On Tuesday, Nov. 5, residents in Belfast will head to the polls to decide who will be the city's next mayor, as well as the two board members who will serve on Regional School Unit 20's Board of Directors.

Polls open at 7 a.m. and close at 8 p.m. Residents in Wards 1-4 vote at the Boathouse, located at 34 Commercial St., and residents in Ward 5 vote at the Belfast United Methodist Church located at 23 Mill Lane.

Residents will be asked to choose from one of the following candidates for mayor: Walter Ash Jr., Jim O'Connor or Thomas Burpee. The mayor's term runs for a period of two years.

Voters will also elect two representatives to the RSU 20 Board of Directors for a three-year term. The candidates are Christopher Hyk, Charles Grey and Caitlin Hills.

Voters will also decide on five state bond issues seeking voter approval to apportion money to update educational facilities at state colleges and universities, as well as bonds to improve the Army National Guard centers and reconstruction and rehabilitation of highways, bridges and ports.

Halloween safety tips

Halloween is upon us and that means children will be roaming the streets in search of treats, and maybe a few tricks, but by following a few simple safety tips, parents can make sure the holiday is both safe and fun.

The American Academy of Pediatrics offers a list of tips for parents. Costumes should be bright and reflective. Make sure shoes fit well and costumes are short enough to prevent tripping, entanglement or contact with flame; parents should consider attaching reflective tape to costumes or trick-or-treat bags for greater visibility; and consider using non-toxic makeup in place of a mask, which can limit or block eyesight.

Other safety tips include:

Keeping homes safe for visiting trick-or-treaters, parents should remove from the porch and front yard anything a child could trip over such as garden hoses, toys, bikes and lawn decorations.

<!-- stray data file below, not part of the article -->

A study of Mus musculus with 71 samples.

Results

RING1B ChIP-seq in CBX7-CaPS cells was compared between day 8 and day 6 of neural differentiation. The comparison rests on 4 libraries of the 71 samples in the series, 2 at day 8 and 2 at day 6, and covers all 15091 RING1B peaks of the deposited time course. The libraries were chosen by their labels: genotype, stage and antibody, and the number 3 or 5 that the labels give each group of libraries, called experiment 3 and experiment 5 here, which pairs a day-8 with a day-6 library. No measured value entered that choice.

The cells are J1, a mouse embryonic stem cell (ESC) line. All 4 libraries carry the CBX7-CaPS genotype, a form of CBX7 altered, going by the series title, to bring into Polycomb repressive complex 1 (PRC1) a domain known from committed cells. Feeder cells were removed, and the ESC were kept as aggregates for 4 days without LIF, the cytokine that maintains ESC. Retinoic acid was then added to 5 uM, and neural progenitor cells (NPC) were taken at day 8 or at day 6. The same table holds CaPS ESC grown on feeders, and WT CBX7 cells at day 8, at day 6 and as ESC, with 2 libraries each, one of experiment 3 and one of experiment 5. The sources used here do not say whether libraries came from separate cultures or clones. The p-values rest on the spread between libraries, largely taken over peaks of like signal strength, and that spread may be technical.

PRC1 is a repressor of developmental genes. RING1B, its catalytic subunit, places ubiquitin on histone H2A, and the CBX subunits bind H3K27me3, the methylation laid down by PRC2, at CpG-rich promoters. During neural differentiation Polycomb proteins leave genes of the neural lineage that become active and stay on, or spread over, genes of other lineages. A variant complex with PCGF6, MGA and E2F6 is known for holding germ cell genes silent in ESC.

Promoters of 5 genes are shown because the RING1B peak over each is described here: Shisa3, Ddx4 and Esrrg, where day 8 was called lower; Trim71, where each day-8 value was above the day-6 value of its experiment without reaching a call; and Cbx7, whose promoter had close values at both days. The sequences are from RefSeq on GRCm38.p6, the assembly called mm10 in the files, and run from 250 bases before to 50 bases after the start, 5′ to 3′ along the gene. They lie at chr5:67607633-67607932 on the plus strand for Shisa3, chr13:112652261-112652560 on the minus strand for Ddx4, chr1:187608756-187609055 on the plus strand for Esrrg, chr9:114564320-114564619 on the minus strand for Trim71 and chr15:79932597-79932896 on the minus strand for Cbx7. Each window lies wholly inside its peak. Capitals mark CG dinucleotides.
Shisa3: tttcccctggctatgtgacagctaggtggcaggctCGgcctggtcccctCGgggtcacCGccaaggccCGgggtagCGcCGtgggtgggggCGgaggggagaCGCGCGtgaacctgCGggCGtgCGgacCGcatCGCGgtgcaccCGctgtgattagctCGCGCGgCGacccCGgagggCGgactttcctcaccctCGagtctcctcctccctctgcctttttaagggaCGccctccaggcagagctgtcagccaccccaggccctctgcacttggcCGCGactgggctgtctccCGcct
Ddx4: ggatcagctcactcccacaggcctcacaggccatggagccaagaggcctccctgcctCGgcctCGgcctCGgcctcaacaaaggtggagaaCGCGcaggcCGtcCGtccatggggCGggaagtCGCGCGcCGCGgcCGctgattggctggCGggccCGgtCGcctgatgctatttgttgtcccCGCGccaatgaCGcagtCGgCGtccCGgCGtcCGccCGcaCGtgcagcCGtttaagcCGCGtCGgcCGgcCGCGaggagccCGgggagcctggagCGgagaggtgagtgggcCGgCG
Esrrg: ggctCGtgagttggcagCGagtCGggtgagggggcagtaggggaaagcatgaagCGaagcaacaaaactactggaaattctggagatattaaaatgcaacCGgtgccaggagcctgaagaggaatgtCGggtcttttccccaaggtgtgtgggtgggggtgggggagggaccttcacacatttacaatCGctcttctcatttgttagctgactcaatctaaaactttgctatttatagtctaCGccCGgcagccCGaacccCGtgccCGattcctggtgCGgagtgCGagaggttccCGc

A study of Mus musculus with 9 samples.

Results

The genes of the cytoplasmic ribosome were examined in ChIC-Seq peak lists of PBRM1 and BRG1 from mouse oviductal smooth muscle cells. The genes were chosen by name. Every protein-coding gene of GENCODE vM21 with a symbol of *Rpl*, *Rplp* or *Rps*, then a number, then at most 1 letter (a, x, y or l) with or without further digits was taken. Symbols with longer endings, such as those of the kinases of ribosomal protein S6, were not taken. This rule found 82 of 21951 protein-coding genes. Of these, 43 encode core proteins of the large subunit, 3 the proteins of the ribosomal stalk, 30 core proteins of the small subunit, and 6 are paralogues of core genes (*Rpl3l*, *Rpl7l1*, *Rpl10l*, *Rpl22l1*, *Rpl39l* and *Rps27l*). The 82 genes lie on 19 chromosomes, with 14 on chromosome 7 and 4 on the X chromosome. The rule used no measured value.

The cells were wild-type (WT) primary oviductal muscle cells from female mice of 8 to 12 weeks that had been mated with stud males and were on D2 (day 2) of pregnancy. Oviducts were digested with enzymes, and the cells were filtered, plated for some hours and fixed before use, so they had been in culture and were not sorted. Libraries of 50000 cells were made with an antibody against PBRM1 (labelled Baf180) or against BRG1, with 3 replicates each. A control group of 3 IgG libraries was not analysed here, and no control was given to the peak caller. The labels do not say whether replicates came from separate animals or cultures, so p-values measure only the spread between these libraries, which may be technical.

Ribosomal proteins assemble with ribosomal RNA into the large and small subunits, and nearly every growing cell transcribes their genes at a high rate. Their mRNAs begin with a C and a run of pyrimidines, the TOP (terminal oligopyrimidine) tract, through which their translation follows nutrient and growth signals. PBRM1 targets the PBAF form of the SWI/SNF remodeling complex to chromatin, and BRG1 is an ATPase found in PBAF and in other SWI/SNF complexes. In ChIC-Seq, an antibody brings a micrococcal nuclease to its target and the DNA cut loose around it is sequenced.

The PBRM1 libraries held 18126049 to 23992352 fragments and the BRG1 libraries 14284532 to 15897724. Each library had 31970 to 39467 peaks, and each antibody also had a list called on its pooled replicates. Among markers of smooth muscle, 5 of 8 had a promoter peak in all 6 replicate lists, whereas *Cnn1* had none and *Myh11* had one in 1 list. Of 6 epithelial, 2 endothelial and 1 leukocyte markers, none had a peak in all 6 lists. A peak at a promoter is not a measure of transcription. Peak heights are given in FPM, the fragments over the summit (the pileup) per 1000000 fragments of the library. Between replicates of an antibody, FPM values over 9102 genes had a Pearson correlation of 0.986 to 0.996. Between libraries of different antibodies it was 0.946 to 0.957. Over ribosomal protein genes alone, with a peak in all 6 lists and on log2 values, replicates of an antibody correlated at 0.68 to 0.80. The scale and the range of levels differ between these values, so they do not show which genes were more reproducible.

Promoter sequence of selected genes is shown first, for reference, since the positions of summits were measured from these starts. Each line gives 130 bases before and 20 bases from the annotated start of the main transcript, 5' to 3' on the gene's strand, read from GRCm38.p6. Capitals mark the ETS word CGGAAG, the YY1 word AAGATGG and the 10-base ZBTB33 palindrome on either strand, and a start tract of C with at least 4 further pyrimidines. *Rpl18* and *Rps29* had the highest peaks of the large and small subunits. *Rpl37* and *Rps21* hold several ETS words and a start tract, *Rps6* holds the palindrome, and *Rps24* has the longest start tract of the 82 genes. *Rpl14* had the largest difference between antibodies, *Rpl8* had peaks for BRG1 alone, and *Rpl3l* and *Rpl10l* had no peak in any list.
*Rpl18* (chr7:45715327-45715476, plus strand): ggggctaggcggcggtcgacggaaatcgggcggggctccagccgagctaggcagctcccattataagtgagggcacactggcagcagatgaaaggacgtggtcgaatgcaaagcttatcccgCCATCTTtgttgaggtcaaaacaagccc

Parents should check outdoor lights and replace burned-out bulbs. Wet leaves or snow should be swept from sidewalks and steps. Restrain pets to protect visitors and keep animals safe.

A parent or responsible adult should always accompany young children on their neighborhood rounds. Carry a cellphone and have a flashlight for children and escorts.

If your older children are going alone, plan and review the route that is acceptable to you. Agree on a specific time when they should return home.

Only go to homes with a porch light on and never enter a home or car for a treat.

Remain on well-lit streets and always use the sidewalk. If no sidewalk is available walk to the far edge of the road facing traffic. Never cut across yards or use alleys.

Only cross the street as a group in established crosswalks (as recognized by local custom). Never cross between parked cars or out driveways.

Do not assume the right of way. Motorists may have trouble seeing trick-or-treaters. Just because one car stops, does not mean others will.

By following these tips, everyone will have a safe and happy Halloween.

National Diabetes Month

Diabetes affects millions of people and November marks a month dedicated to raising awareness about the disease.

More than 100,000 adults in Maine have some form of diabetes, according to 2011 estimates from the Behavioral Risk Factor Surveillance System. The U.S. Centers for Disease Control and Prevention estimates that one of every three U.S. adults has pre-diabetes. Someone with pre-diabetes is more likely to develop type 2 diabetes, which increases the risk for possible complications such as heart disease, stroke, kidney disease, blindness, nerve damage, and other health problems.

The CDC offers ways people can prevent diabetes, which include losing weight, staying physically active and eating healthier.

The American Diabetes Association estimates that the total national cost of diagnosed diabetes in the United States is $245 billion.

Direct medical costs reach $176 billion and the average medical expenditure among people with diabetes is 2.3 times higher than those without the disease.

Indirect costs amount to $69 billion (disability, work loss, premature mortality).

One in 10 health care dollars is spent treating diabetes and its complications.

The goal of National Diabetes Month is to raise awareness about the disease, its consequences and management and prevention of Type 2 diabetes, according to the American Diabetes Association.